Yvonne Jones, who won a May by-election for the Liberals in Labrador, spent $10,640.49 on flights, accommodation and meals in the last two weeks of September.
The expenses were posted on the Liberal.ca website earlier this week, linked from each MP and senators' biography page.
What bumped Jones' expenses into the top spot was the cost of her assistant's flight to an event she attended in Iqaluit.
Jones was the only MP or senator who took a trip accompanied by an assistant during the two-week window the postings cover, other than Liberal Leader Justin Trudeau, who attended an event in Toronto with his aide Tommy Desfossés.
Jones' assistant, Val Oliver, listed as her media contact in Labrador, took a return flight from Goose Bay, NL, to Iqaluit at a cost of more than $3,700. Meals and hotels added up to another $1,000.
Reached by phone in Goose Bay, Oliver described the trip as a meeting of the Nunavut Chamber of Commerce. As well, Jones met business people and politicians, including the premier of Nunavut.
No press conferences held
Oliver said no press conferences were held during the five days he was there. "CBC North was around and I think Yvonne had a quick off-camera chat with one of the reporters," he said, but she wasn't part of a broadcast story.
Jones, in a phone interview from her Ottawa office, said, "Why would I take my communications director? Because it's important to have continuity between the offices in which I am working."
Jones, the Liberal critic for northern development, says Labrador and Nunavut share similar issues, such as a housing crisis in aboriginal communities and problems with search and rescue.
She said she needs Oliver to become informed and knowledgeable. "So he would be my liaison person who would deal with the Chambers of Commerce, the towns in Labrador, the Inuit governments, on the ground, to dialogue and keep those lines of communication open between Labrador and Nunavut."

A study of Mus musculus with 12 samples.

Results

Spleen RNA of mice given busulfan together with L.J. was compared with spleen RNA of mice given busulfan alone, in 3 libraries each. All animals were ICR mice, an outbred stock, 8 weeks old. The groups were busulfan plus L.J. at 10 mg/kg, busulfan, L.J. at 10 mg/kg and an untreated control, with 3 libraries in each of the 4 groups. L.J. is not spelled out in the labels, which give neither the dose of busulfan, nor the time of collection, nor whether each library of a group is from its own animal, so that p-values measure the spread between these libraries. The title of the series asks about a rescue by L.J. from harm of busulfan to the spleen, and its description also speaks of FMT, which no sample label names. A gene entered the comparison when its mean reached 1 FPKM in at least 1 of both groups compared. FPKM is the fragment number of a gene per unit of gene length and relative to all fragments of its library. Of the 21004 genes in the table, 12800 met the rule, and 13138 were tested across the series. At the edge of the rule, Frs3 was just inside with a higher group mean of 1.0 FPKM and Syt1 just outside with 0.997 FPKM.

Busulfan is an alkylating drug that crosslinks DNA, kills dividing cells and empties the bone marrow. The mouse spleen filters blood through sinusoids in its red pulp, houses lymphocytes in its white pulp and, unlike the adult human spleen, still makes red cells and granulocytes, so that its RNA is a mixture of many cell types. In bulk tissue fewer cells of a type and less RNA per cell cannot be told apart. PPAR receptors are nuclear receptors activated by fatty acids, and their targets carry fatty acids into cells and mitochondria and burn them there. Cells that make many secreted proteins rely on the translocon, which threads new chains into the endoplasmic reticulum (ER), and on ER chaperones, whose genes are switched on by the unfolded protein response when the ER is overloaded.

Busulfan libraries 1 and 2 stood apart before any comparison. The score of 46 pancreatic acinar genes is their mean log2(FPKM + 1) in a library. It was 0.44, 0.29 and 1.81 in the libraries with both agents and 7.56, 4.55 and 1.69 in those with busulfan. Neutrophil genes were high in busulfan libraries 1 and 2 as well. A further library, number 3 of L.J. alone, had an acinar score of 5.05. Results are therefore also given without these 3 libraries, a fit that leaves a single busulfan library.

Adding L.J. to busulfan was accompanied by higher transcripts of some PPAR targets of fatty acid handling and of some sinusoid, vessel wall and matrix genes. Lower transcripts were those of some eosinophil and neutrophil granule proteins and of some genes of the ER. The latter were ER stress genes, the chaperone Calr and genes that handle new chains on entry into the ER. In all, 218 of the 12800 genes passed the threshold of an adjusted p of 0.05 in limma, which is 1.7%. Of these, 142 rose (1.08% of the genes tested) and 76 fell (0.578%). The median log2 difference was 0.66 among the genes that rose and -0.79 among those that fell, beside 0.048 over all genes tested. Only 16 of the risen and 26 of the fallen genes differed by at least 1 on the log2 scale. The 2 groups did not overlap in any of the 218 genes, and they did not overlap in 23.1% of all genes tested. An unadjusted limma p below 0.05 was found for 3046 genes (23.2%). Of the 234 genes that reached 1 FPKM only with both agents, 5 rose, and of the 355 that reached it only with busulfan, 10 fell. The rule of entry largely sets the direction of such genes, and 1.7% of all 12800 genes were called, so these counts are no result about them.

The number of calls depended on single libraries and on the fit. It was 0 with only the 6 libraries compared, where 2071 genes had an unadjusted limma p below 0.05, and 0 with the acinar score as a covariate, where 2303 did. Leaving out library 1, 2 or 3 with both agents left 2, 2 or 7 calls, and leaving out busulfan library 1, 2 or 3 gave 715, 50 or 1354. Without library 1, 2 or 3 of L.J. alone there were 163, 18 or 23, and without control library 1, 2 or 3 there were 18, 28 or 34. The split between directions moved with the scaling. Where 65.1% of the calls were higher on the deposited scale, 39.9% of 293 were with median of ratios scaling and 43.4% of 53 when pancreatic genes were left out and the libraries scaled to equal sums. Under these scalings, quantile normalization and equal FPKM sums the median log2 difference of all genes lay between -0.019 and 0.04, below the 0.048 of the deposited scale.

As an MP, Jones is permitted to use her 64-point travel system, where one point is worth a return flight, for assistants' travel.
"We didn't do anything wrong, there's no laws broken here. This is the cost of doing business in the North. I don't have the advantage of jumping on a train to Toronto and taking all staff with me on a free pass."
Jones said she never books business class tickets, and buys flight passes to save money.
Scant details on postings
The Liberals are using the model cabinet ministers employ to post expenses. Taxis, car rentals or public transit are described as "other" transportation and no receipts are provided.
For a trip to Ottawa for a national Liberal caucus in September, some MPs charged $30 for "other" transportation, while others charged more than $400.
New Brunswick MP Dominic LeBlanc, for instance, charged $482.20 for other transportation, on top of a $1,200 return airline ticket between Moncton, NB and Ottawa.
In an interview, LeBlanc said after the caucus meeting in Ottawa he flew to Halifax, rather than Moncton, for an interview with ATV television. His flight pass, he said, allowed him to fly to Halifax for the same price. Once in Halifax, there were no night flights to Moncton, so he rented a car and paid a drop-off charge. Those costs, as well as airport taxis, added up to more than $400.
Senator George Baker posted less than $200 for a return Gander-Ottawa trip. Reached by phone in his Ottawa office, Baker said he purchased a flight pass in June, which covered his September flight.
He said he buys passes because they are cheaper, and said he sometimes uses Aeroplan points. He doesn't buy business-class seats. "You can't between Gander and Ottawa," he said. "You start off on a Beechcraft."
Postings don't go back in time
The Liberal posting scheme has been criticized because it does not go back in time and Liberals had plenty of warning their expenses would be made public. The Conservatives, who announced Thursday they too will post expenses, are starting from this point on, for publication in November.
Green Party Leader Elizabeth May posts all her expenses in exhaustive detail, including scanned receipts.
The NDP, who called Trudeau's initiative to have his party post expenses a "stunt", is now the outlier, since it has no plans to post expense.
The New Democrats say they want Parliament to oversee publication of expenses, rather than MPs posting on the honour system without any outside check of whether the numbers are accurate or honest.